Over the last 17 years, Jon Foreman has cemented his status as one of his generation’s most insightful lyricists and dynamic rock singers. He has released four solo EPs, two albums with the rockgrass band Fiction Family—his side project with Nickel Creek’s Sean Watkins—and has achieved worldwide fame for fronting the Christian rock group Switchfoot. Foreman spoke to C-VILLE Weekly by phone recently about the band’s new surfing-meets-rock ‘n’ roll-meets-faith documentary film, Fading West, which will be screened at the start of the band’s concert on October 18 at The Paramount Theater.
C-VILLE Weekly: Talk about the idea behind Fading West and how you decided to do the EP, the forthcoming album, and the documentary all at once.
Jon Foreman: This whole thing has evolved over the years. The concept was, “How can we tell a story that’s bigger than a three-and-a-half-minute rock song?” None of us are good actors, so the thought became, “Well, maybe we can make a documentary.” We’ve loved surfing since the beginning and we love surf films, and I feel like it’s a really good format to tell a story about a journey. That’s kind of what we are on as a band—traveling around on the road, life is unfolding, and you’re making your own decisions, but you’re also definitely being influenced by what’s happening around you. We felt like it would be an appropriate place to begin, being in the ocean, and on stage.
What was it like going through the documentary experience, not only recording everything and putting all that footage together, but also finding a narrative? Was there anything that surprised you?
That was actually an incredibly revealing aspect, not only about the documentary, but also about ourselves in general. The disturbing realization is that there is not one plot, but actually there are thousands of plots. Every film is only telling a few stories at a time, and the hardest part of making this film for us was cutting the thousands of other stories, and hundreds and hundreds of hours of film that are on the cutting room floor at the end of this whole process.
That was probably the most difficult part, but I think it’s similar to making a record. We probably wrote close to a hundred songs for this project, but you [will] only hear 10 or 11 [on their upcoming album, Fading West, due in January], so I think with that we kind of adopted the iceberg principle. A friend of mine told me that Hemingway had this thought that all art—the good stuff at least—has this immense depth underneath the water that you don’t actually see. It’s like an iceberg, you see the tip of it but not the rest of it, so that’s kind of been our mantra not only for the film, but for the music that accompanies it as well.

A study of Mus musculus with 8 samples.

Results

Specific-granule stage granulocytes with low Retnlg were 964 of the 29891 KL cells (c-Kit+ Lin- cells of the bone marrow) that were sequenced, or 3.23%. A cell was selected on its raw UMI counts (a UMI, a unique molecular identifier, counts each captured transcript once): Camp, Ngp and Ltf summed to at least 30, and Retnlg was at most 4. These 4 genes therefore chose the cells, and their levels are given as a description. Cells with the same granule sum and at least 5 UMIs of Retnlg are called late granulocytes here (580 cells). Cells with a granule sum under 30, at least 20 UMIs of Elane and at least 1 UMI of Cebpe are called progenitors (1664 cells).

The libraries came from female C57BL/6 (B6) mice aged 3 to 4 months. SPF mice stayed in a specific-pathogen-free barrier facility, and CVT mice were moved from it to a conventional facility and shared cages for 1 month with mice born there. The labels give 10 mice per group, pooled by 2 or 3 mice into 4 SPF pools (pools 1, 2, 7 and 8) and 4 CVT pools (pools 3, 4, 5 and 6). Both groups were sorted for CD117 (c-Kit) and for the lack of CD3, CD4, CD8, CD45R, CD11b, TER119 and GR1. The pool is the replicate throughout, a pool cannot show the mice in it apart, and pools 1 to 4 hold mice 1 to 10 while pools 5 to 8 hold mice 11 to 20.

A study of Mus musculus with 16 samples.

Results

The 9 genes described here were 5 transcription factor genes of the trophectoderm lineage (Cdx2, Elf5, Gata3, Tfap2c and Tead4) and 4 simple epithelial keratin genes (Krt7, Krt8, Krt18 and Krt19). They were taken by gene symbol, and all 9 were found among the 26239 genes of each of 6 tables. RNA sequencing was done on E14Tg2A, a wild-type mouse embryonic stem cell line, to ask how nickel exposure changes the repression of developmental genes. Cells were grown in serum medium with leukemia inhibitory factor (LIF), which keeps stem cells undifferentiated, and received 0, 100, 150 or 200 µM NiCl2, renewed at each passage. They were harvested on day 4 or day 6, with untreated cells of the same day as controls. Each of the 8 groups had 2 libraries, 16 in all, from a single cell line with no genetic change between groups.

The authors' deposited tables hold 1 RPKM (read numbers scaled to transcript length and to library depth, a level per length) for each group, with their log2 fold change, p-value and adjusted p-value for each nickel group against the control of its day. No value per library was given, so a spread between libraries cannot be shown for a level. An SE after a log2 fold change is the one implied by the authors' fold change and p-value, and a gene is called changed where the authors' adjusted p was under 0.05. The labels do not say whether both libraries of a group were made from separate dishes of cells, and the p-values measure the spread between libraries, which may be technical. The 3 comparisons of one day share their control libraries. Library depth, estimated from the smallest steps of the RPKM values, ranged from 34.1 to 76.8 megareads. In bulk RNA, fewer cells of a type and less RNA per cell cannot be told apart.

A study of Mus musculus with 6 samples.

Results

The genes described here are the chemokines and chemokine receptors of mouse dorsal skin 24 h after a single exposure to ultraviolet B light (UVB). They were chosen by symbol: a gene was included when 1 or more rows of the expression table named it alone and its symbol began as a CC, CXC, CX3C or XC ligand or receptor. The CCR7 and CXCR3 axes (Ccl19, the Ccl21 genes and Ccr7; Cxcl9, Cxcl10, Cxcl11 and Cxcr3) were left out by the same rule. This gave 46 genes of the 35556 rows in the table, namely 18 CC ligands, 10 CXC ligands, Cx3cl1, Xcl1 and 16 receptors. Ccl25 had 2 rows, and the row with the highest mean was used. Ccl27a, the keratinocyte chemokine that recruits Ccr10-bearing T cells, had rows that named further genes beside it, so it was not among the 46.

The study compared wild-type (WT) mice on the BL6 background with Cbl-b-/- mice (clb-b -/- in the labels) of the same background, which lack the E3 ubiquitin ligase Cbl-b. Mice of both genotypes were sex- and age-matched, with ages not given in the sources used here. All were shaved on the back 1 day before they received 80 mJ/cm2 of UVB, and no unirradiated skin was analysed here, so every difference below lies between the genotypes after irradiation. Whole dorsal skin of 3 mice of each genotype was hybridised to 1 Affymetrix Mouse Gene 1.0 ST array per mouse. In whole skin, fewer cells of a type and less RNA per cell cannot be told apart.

With regard to all the other songs that are not going to be on the album, what happens with those? Do you think that writing those other songs informed the songs that did make it onto the album?
Yeah, absolutely. I think everything informs everything. Every experience you have in this life is a unique experience that informs the rest of your existence. And for us, I don’t view any song that doesn’t make it on a record, per se, as a failure. I think you have to give yourself the ability to try and take risks and know that not everything is going to be great. I’ve always thought that to write a song you have to have two voices: the critic and the child. You have to love the child even if they say and do stupid things, and not everything that voice says or does is going to be heard, but I think you have to allow yourself room to fail. So will those songs be heard on anything? Maybe someday, but I’m O.K. with it if we just did it for ourselves and for God and no one else needs to hear it. That’s fine too.
Was there ever a point where this project could have ended up being just a film or just an album, or was it always going to be both from the start?
Well, it was kind of a plan that unfolds as it goes, you know? That’s the thing about a record or a documentary. We’ve made records before that we got halfway through experiencing and decided it would be better to start from scratch for whatever reason. Let’s start over. So with the documentary, we’d never really done that before but it was the same thing, where if the storylines don’t feel compelling and nothing’s really happening, then at some point you have to ask yourself the question: “Is this a tale that’s worth telling?” So I think we went into this journey not knowing whether either the record or the movie would be anything at the end of it, but hoping that we’d capture something that would be worth revealing to the rest of the world.